Watch the time machine!

Place a thermometer into boiling water, and it will read 100 degrees centigrade. Now plunge the same thermometer into a bucket of ice. The difference in temperature is (at least) 100 degrees, but there is a lag with the thermometer reading. It won’t immediately read 0 degrees, but it will go through the intermediate temperatures (albeit quickly) from 100 degrees, down to 0.

It can easily be argued that the thermometer is in part reading the temperature of itself – it’s own internal temperature, rather than the true ambient temperature.

Keep this in mind as we take an instantaneous journey through time in a time machine…

In an earlier post I demonstrated how the progression of time through space is instantaneous. But how does time progress in a time emachine?

Consider this. A person goes in a time machine and is instantly placed from the present to say 100 years into the future (as far as “instant” is possible…let’s call it experienced time).

Will the watch he’s wearing read t = 0 and instantly transform to t = 100 years? Or like the thermometer, will it pass through all the intermediate times like the thermometer read intermediate temperatures? Will he?

It might seem that a watch, by changing from one state of time to another, intrinsically needs to go through the intermediate times. But this implies a non instant travel. It sounds a little paradoxical that instant time travel means travelling [instantly] through all times in between!

Alternatively, does the watch measure the moment of ambient time, such as a GPS receiver ‘checking in’ to a satellite clock signal? Or does it measure the progression of experienced time?

I mentioned that this particular time machine operates instantaneously. That is to say that the “experienced time” is zero. Ambient time, therefore undergoes an instant change. This raises the question of how is an instant change in time possible?

Let’s pause for a moment on a slight detour and consider a well known thought experiment. On a train.

A train is traveling at a constant speed of 125 mph towards the west. A fly is buzzing in exactly the opposite direction, on a collision path with the train.

The collision inevitably takes place, and I think it’s fair to say that neither the train or the fly are aware of the event.

Now let’s consider the movement of the train and the fly.

The train is moving to the west at constant speed, collides with the fly, and continues its movement to the west (with a very slightly reduced velocity owing to increased combined mass with the fly).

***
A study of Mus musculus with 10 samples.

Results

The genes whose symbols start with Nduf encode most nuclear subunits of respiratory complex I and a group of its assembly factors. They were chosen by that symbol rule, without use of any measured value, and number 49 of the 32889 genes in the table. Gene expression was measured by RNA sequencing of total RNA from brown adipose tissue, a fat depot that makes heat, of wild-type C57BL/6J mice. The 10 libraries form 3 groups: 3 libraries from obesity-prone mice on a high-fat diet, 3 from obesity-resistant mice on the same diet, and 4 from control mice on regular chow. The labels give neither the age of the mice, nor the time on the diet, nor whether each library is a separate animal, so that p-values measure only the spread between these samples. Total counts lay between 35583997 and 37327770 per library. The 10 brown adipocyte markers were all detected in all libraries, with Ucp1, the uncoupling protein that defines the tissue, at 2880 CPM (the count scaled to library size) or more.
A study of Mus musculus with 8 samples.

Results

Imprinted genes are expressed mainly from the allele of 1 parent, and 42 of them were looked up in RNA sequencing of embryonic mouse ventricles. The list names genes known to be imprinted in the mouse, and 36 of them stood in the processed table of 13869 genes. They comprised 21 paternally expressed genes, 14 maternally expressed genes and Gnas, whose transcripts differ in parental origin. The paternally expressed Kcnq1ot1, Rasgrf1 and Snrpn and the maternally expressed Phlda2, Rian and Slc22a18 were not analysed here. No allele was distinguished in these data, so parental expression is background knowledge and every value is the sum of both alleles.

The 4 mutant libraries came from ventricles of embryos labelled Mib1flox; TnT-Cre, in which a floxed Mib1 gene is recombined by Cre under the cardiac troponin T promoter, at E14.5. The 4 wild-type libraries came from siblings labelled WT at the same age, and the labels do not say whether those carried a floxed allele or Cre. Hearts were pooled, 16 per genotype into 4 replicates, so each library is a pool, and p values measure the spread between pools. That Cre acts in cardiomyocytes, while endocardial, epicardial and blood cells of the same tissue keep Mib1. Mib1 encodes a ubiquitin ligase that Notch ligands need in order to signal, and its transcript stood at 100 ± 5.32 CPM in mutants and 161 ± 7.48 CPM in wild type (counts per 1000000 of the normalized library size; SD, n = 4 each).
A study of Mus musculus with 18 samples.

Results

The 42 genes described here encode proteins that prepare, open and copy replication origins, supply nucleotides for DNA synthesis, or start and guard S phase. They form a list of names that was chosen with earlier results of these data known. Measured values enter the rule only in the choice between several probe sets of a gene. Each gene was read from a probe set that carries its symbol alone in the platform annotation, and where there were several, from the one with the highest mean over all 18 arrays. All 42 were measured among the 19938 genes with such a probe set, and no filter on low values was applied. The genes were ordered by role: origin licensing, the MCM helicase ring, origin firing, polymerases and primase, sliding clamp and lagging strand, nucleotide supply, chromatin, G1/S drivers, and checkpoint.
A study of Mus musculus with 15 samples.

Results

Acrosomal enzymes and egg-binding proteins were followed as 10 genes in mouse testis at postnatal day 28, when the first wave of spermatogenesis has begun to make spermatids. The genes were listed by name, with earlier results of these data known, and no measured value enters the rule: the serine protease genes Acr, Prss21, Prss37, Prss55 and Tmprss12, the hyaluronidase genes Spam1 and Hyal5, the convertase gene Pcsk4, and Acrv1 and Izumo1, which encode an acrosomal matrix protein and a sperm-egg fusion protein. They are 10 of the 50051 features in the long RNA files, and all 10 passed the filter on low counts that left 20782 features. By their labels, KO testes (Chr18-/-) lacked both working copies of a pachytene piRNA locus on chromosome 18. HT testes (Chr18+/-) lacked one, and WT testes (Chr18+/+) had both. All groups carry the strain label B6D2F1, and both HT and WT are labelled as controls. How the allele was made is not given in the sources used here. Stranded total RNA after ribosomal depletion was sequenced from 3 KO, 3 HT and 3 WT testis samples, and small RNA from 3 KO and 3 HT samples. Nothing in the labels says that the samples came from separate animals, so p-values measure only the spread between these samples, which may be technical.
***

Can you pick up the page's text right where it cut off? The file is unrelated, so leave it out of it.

The fly was flying towards the east. It collides with the train, then moves with the train towards the west. This means that the fly’s velocity changes sign, i.e. it goes from an arbitrary positive, through zero, to negative.

At the moment that the fly had zero velocity, it was in contact with the train. It might seem logical to assume that the train must therefore also have a zero velocity…but we know from experience that this is not the case.

We have therefore defined an infinitesimally small moment in time, but how to explain it? (Aside – this is the great thing about time travel – one question leads to another! πŸ™‚ )

I was spinning on a roundabout with my daughters last week trying not to retch. They were fine; they were sitting near the middle, whereas I was on the outer rim. How was it possible that I had a greater linear velocity than they, and yet we were all in contact, much like the fly and the train?

The clue is that we were sitting on the same roundabout, undergoing the same angular velocity. Even the infinitesimally small point in space in the dead centre…was still rotating at the same rate as the rest of us.

And there it is. Angular velocity. I suppose that it’s not for nothing that people talk about the wheel of time! πŸ˜‰

So back to our question of how is local ambient time experienced in an instantaneous time machine. Could it be that the local time is compressed or contracted to a point of ‘zero time’, (not to be confused with t = 0, an arbitrary reference time point) and regrows back to a new time? This zero time point would be analagous to the ‘fly point’ of zero velocity, or the zero space point on the roundabout.

Progression along the radius of the roundabout maintaining constant angular velocity showed that these zero points are possible. How that can be translated to time, or get it to regrow again…well there lies the magic of a time machine!

Author: Paul Wandason

I love astronomy and science fiction, but I love my family more. So I love time travel too!